People who work in food manufacturing environments spend a lot of time walking and standing to conduct their work. Due to the wet nature of food processing, they are 25% more likely to experience a slip or fall at work than workers in other manufacturing sectors. The repercussions of these accidents can be costly and time-consuming.
According to the National Safety Council, in 2019 through 2020, companies spent around $48,000 per falls or slips on workers’ compensation costs. When accidents result in claims an unannounced visit from the Occupational Safety and Health Administration (OHSA) can follow.
OSHA expects companies to conduct regular safety inspections on their own accord and by qualified people. According to the agency, a qualified person is someone knowledgeable about the manufacturers’ specifications and recommendations, trained to make inspections and identify both existing and potential hazards.
Surface Safety Audits: How to Do Them
A Walking Surface Safety Assessment is a facility review specifically designed to identify potential trip and fall hazards. Traffic, environment, and walking surface are the most important surface safety factors an auditor or safety team should consider, and each has several components. It’s also important to listen to employees and revisit any injury events to determine causes.
To conduct a surface safety assessment, get out on the floor. Workers in food processing often have the added challenge of water, grease, and animal fats, all of which can make walking surfaces slippery and more challenging. Walk the manufacturing line and analyze and document the findings.
Traffic—Look at traffic and consider the volume and type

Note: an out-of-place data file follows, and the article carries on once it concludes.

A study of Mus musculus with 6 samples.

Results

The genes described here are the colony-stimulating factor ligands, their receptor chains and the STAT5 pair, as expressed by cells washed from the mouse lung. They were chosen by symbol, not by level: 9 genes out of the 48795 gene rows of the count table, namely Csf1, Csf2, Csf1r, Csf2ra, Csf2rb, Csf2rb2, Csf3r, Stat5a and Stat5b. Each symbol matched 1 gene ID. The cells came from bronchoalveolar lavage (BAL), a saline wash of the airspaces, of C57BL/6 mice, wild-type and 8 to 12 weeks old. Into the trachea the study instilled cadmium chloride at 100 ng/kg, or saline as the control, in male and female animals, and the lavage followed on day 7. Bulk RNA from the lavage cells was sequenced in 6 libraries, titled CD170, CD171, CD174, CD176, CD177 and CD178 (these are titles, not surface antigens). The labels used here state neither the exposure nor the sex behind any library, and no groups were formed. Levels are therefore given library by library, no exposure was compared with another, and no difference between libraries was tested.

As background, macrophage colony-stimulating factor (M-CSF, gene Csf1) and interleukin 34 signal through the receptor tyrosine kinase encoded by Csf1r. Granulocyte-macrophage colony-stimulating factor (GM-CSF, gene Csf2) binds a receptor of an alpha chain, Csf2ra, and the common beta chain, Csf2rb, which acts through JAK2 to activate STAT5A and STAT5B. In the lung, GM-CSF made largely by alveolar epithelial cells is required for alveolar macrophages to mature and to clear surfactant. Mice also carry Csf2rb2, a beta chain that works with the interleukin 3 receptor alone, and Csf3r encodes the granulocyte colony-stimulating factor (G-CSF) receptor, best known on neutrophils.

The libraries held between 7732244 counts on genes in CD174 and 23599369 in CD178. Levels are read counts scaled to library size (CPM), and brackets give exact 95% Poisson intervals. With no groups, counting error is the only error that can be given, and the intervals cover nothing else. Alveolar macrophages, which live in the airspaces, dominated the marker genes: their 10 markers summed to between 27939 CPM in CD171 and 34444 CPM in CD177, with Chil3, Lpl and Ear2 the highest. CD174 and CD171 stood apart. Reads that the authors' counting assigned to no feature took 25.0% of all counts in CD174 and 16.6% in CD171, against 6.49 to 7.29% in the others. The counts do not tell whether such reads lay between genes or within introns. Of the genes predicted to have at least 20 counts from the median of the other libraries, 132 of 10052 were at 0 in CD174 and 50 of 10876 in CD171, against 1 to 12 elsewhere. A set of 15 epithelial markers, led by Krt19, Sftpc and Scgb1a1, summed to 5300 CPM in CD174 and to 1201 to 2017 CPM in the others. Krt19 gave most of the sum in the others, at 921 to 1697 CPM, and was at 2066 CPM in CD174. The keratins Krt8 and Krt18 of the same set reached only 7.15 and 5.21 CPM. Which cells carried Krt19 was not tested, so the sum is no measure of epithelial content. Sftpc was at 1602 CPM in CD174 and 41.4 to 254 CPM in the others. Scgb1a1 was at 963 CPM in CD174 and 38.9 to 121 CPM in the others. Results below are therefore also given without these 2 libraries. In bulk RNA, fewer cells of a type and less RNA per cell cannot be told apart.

- Are people moving in one direction or both?
- What is moving around: employees, carts, trucks, forklifts?
- Note any challenges, such as controlling heavy carts on slick surfaces.
Wet areas—Keep a close eye on the processing lines, areas near mixing machines, feeders, baggers and other equipment
- Watch for trench and round drains and surfaces that collect liquids. Do people have to walk across drains? If so, they should be fabricated with high-traction, anti-slip surface technologies.
- Pay particular attention to freezer and cold storage areas. Condensation and moisture create significant slip hazards.
- What contaminants accumulate on floors, such as water, oil, or animal fats, and how are they being cleaned? Some cleaning solutions break down a surface’s anti-slip properties. Select a detergent that upholds food processing sanitation requirements without degrading the flooring.
Slippery surfaces—Talk to employees during the safety assessment. More importantly, listen and observe
- Are there surfaces people continually slip on? Employees know where the problems are and often share that information with each other.
- “Slippery When Wet” signs often highlight a deeper safety issue that can be mitigated with a better solution.
- Caution tape flags a dangerous area, drawing attention to a problem management hasn’t resolved. Temporary grip tape wears fast and can very quickly begin to peel becoming a trip hazard.
Elevated surfaces—Platforms, catwalks, mezzanines, crossovers, stairs, and ladders are common fixtures in food manufacturing and employee depend on them to access mixers and other equipment. Visit each one in the facility
- Are there trip hazards on elevated areas, such as neoprene mats that can roll up or change the walking surface?
- Do stairs have high-friction treatments on the nosing and the hand railings?
Performing routine audits shows employees safety is a priority and can help prevent accidents that lead to OSHA inspections. If there isn’t a person on staff who is considered qualified, third-party experts are available to conduct thorough audits and suggest mitigation solutions. SLIPNOT has Walking-Working Surfaces and Fall Protection Specialists who are trained and certified by the National Association of Safety Professionals (NASP). They can:
- Conduct walking surface safety assessments
- Test the traction levels of existing walking surfaces identifying high risk areas
- Identify surfaces that can be easily and quickly retrofitted to decrease slip and fall risks
- Compare the total cost of ownership of different surfaces and support the business case for mitigation costs
William Davidson is the CEO and President of SLIPNOT, a leading provider of specialized safety flooring products and surface technologies.